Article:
Wonders of Uzbekistan. Ceramics by Alisher Nazirov from Rishtan
From 20th of August to 7th of September
Riga City Council
Ratslaukums 1, Riga LV–1539
Event is free to attend.
Art of Rishton ceramics – artistic craft of Uzbekistan / Centuries-old traditions
A unique technology if ceramics production has been developed in Rishton since ancient times. The local ceramists, or kuzagar, consider themselves descendants of pottery founders and the keepers of the ancient traditions. Rishton ceramics is distinguished by high technological and artistic qualities.
According to master Alisher Nazirov, “The one [clay] from Rishton is the leader in plasticity. One needs no additives for viscosity or solidity which are usually used by the ceramists. We use only water and clay! No chemical additives at any stage!”
The secret of stability of Rishton pottery school lies in the uninterrupted connection between several generations of masters, when father’s work is shared by his sons; the disciples continue their Masters’ craft.
Thin and tinkling articles covered with elaborate ornaments – Rishton ceramics is distinguished by a special flavour of all lapis lazuli and turquoise shades. The patterns reproduce the diversity of the surrounding world: flowers, tree branches and fruit. Today, as it was hundreds of years ago, ceramics is painted manually. The masters reveal their individuality in the unique manner of painting, while maintaining the strict canons of traditional folk art.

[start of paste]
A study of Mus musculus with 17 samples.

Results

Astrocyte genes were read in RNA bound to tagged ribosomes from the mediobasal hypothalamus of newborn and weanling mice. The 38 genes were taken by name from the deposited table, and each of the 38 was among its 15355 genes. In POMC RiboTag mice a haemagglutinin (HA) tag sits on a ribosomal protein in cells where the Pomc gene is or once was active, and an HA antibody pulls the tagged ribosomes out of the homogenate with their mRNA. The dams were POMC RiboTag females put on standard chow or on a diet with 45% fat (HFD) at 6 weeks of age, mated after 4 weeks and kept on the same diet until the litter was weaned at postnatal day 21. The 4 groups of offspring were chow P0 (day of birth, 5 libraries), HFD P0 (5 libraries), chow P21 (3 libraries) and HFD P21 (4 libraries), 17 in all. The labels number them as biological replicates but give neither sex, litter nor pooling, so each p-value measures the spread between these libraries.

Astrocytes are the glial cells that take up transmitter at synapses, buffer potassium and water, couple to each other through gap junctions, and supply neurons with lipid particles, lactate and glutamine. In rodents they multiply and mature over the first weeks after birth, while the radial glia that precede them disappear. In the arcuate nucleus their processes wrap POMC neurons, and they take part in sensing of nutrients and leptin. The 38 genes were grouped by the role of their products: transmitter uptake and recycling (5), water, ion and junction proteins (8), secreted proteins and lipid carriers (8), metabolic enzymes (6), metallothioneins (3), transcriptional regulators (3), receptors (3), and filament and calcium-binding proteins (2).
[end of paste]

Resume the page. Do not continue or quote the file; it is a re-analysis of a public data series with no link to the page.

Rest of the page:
Alisher Nazirov. 40 years of mastery
Alisher Nazirov, a master-instructor from Rishton, is an outstanding modern Uzbek ceramist whose works are exhibited at RUMI FEST in Riga this year. This is the anniversary year for Alisher Nazirov – the master is going to turn 60 years of age. In this context, exhibitions are also planned in Taskent, Moscow and Tokyo.
As is customary in the East, Alisher Nazirov began studying the craft from a young age. His teachers were the best Rishton masters: Usto Eliboy Daliev, Usto Abdukadyr and his son Kimsanboy Abdukadyrov.
Alisher Nazirov is a member of the artistic union at the Art Academy of Uzbekistan.
He has made a significant contribution into the preservation of the cultural heritage of his country, having restored the ancient traditional forms and patterns of Rishton ceramics discovered by archaeologists, which he later transferred to ceramic articles.
Alisher Nazirov’s works are included in the collections of the State Arts Museum of Uzbekistan, Artistic Exhibitions Directorate at the Art Academy of Uzbekistan, the State Museum of Oriental Art in Moscow, the Ethnography Museum in St. Petersburg, as well as Novosibirsk Arts Museum.